Just For Fun

9 Hilarious Parodies of Classic Picture Books

by Iva-Marie Palmer

The essence of a good parody is familiarity. Just ask parody songwriter extraordinaire Weird Al Yankovich why he chooses only the top pop songs for his comical riffs. Beyond Billboard hits and blockbuster movies, another arena that’s ripe for spoofing is the children’s book realm. Whether you read them as a kid, or read them on repeat to kids, these beloved picture books and characters can rest assured they’ve reached pinnacle popularity: They wouldn’t have been parodied otherwise! Here are some of the funniest send-ups out there for kids and adults.

  • For Kids

  • If You Give a Mouse an iPhone: A Cautionary Tail

    by Ann Droyd

    While many picture book parodies are crafted purely for the adult set, this one is something of a comical cautionary tale for all ages. Spoofing Laura Numeroff’s If You Give a Mouse a Cookie (and its many companion volumes), the mouse here gets ahold of an iPhone (someone’s attempt to squelch his cries of being bored; sound familiar, parents?) and beams off on a screen journey, only to miss the good stuff going on around him in the real world.

  • Goodnight Goon: A Petrifying Parody

    by Michael Rex

    This spooky-silly parody of the perennial kids’ bookshelf favorite Goodnight Moon is expressly aimed at kids familiar with the source material. Pulling out many a monster trope, this one finds a baby werewolf struggling to go to sleep in a cold gray tomb with its own black lagoon. Great for young readers who’ve aged out of the original’s territory, this one is good-natured — but not too scary — fun that’s perfect for Halloween read-alouds.

  • Oh, the Meetings You’ll Go To!: A Parody

    by Dr. Suits

    If ever there were an occasion to say, “it’s funny because it’s true,” this might be one of the best. The spin on Dr. Seuss’s future-positive Oh, the Places You’ll Go! is perhaps all-too-familiar. While the message of Dr. Suits’s tale is entrenched in the reality of mind-numbing meetings and the like, it’s ultimately uplifting — and not a bad graduation gift for college students either.

  • For Grown-Ups

  • Goodnight Nanny-Cam: A Parody for Modern Parents

    by Lizzy Ratner and Jen Nessel, illustrated by Sara Pinto

    The text of this book first appeared on The New Yorker’s Shouts and Murmurs online humor column, so chances are you’ve seen a Facebook friend share it at some point in time. Another Goodnight Moon parody, Goodnight Nanny-Cam slyly skewers modern-day families’ specific accoutrements (for example: “Goodnight non-slip socks / And goodnight sustainable-wood blocks.”) This is a fantastic fun gift for new parents.

  • Are You My Boyfriend? A Picture Book for Grown-Up Children

    by C.B. Bryza, illustrated by Simon Greiner

    This spoof on the P.D. Eastman classic Are You My Mother? will rate a laugh (and probably many nods) from anyone frustrated by the dating scene. The heroine’s journey takes her through several options: Is her boyfriend the stoic tough guy, the wealthy cad who can’t keep his word, or the average guy (who seems to like her friend better)? It gets to a place that’s actually positive, so this one makes a fun and hopeful gift for someone going through a bad breakup.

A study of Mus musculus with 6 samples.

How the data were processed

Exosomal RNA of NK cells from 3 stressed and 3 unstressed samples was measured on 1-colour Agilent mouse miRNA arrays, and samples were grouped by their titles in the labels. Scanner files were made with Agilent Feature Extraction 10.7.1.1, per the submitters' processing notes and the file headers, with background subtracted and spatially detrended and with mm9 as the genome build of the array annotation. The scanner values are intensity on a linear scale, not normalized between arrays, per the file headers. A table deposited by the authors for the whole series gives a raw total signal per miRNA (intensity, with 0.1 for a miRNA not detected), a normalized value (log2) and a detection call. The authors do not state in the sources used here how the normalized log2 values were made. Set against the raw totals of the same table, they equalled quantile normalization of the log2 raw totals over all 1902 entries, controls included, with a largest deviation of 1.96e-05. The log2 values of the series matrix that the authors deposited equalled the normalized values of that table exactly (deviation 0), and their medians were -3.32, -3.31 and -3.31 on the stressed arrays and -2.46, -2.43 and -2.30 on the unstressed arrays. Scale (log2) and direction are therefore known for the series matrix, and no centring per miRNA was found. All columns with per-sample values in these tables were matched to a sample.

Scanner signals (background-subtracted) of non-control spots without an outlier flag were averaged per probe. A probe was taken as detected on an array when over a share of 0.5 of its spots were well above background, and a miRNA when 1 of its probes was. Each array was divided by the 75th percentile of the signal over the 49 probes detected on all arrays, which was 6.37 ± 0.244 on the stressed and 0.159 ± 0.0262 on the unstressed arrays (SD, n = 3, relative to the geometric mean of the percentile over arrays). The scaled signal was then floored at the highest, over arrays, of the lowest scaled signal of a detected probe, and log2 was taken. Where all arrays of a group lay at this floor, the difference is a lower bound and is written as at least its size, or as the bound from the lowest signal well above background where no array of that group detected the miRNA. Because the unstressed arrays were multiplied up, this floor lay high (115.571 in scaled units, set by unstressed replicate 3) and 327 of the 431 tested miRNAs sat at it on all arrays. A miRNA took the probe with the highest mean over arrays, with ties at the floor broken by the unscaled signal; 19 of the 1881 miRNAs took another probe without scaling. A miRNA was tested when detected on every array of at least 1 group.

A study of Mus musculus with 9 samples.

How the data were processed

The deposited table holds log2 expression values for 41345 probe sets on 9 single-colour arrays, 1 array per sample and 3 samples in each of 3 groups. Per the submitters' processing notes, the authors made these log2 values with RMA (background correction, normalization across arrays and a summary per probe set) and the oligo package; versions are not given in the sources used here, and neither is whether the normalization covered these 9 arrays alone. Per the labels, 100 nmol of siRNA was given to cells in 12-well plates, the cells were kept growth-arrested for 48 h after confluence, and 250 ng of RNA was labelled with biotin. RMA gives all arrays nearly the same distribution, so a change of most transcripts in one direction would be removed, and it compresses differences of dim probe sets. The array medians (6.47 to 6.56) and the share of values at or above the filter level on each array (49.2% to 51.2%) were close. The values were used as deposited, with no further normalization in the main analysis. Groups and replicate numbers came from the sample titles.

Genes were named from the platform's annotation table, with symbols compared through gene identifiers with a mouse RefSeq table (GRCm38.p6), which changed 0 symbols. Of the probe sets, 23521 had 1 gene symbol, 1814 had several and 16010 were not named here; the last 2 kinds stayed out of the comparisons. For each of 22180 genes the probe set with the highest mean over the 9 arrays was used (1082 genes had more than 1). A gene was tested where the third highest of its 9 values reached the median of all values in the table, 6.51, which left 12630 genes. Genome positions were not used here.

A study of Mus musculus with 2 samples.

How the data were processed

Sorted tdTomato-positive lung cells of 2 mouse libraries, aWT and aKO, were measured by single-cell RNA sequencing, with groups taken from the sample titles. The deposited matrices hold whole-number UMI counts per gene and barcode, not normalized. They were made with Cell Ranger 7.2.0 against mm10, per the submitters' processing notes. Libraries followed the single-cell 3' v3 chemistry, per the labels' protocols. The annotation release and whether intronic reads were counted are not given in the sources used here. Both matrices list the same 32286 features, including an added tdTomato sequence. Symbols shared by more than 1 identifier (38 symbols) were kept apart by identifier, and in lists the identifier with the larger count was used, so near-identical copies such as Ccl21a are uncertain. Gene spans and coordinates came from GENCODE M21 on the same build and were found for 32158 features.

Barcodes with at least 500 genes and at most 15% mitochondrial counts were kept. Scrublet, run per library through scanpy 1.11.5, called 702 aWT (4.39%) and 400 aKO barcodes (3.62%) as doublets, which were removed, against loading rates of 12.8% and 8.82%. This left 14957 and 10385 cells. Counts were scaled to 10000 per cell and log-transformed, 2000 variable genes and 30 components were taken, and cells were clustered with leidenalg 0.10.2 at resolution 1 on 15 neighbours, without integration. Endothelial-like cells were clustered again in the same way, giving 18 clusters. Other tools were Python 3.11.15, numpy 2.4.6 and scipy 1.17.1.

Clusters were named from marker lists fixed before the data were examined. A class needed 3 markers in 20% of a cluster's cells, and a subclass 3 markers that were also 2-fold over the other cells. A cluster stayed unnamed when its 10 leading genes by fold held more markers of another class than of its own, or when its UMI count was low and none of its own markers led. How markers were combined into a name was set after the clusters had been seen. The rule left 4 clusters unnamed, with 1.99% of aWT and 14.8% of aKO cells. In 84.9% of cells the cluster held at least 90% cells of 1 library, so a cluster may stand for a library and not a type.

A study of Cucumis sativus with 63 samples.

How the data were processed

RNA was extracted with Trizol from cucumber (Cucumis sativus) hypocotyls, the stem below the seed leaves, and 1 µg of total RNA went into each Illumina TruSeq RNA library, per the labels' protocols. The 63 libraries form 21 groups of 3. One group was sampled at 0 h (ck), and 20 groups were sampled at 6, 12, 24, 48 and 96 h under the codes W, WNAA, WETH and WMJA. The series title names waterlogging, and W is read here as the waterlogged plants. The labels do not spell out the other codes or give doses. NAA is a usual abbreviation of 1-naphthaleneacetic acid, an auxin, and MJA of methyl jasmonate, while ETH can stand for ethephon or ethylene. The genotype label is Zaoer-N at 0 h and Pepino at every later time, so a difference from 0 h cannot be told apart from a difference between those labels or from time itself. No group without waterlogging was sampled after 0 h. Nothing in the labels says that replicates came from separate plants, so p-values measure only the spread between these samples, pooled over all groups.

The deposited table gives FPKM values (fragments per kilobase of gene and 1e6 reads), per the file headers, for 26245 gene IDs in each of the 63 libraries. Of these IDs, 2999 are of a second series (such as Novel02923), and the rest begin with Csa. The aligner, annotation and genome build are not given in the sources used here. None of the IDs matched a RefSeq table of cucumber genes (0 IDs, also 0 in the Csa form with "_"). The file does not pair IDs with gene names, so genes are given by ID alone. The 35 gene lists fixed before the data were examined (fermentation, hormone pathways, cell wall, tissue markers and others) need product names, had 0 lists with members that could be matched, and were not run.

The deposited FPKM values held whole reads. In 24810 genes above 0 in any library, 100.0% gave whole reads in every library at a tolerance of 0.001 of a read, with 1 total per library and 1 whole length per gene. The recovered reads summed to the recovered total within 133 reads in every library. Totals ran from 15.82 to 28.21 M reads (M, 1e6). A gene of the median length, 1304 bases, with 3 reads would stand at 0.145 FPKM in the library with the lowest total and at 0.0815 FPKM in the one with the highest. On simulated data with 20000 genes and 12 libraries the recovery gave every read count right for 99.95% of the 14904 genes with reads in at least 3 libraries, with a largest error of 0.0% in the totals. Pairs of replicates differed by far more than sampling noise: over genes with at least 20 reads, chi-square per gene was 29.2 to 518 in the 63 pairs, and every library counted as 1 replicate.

• The Rabbit Who Wants to Go to Harvard: A New Way of Getting Children to Stop Sleeping and Start Achieving

    by Diana Holquist, illustrated by Christopher Eliopoulos

    Sorry, parents: If anyone is just begging to be poked fun at, it’s (some of) us. This parody of the contemporary classic The Rabbit Who Wants to Fall Asleep takes on helicopter parenting, as well as those parents who start planning their child’s success trajectory right out of the womb. In this ridiculously LOL story, Ronald and Mommy Rabbit get help from Adderall Aardvark, Kollege Koach Kitty, and Admission Officer Owl, all of whom help put a stop to all the sleeping and playing that kid rabbits want to do in favor of a better activity: admission to the Ivy League.

  • Mr. Selfie: A Parody

    by Dan Zevin

    Thurber prize-winning humorist Zevin found a genius way to parody … all of us. Taking Roger Hargreaves’s famed Mr. Men and Little Miss books for a spin, Zevin has released several books in his Little Miss and Mr. Me Me Me parody series. Each one takes to task (in a comical way!) some of our social media habits, from excessive selfie-taking to humblebragging to oversharing. If you see yourself mirrored in one of these pint-sized reads, just remember not to take it too personally.

  • Pat the Zombie: A Cruel (Adult) Spoof

    by Aaron Ximm, illustrated by Kaveh Soofi

    Fans of Pat the Bunny will recognize many of the original’s scenarios but in this undead and bloody version, everything is beyond macabre. Trusting toddlers Paul and Judy lead readers through this reimagined version: the touch-and-feel aspects of the original are still here, only now you can touch putrefied flesh and peek behind a ghostly shroud. Eew. This self-admittedly cruel spoof would definitely destroy a childhood, so keep it in the recommended adult hands! (On the other hand, fans of George Romero films and “The Walking Dead” would take to this nicely.)

  • The Very Hungover Caterpillar

    by Josie Lloyd and Emlyn Rees, illustrated by Gillian Johnson

    Playing on Eric Carle’s The Very Hungry Caterpillar, the story of a caterpillar who feasts before emerging a butterfly, this spoof features a worse-for-the-wear man after a (too) big night out. Of course, he eats everything in sight (a black coffee, three slices of toast, a chicken tikka masala) in hopes of ending his woes. As a team, Lloyd and Rees have released other kids’ book parodies, including We’re Going on a Bar Hunt (a rewrite of We’re Going on a Bear Hunt), about parents’ quest for post-baby adventures.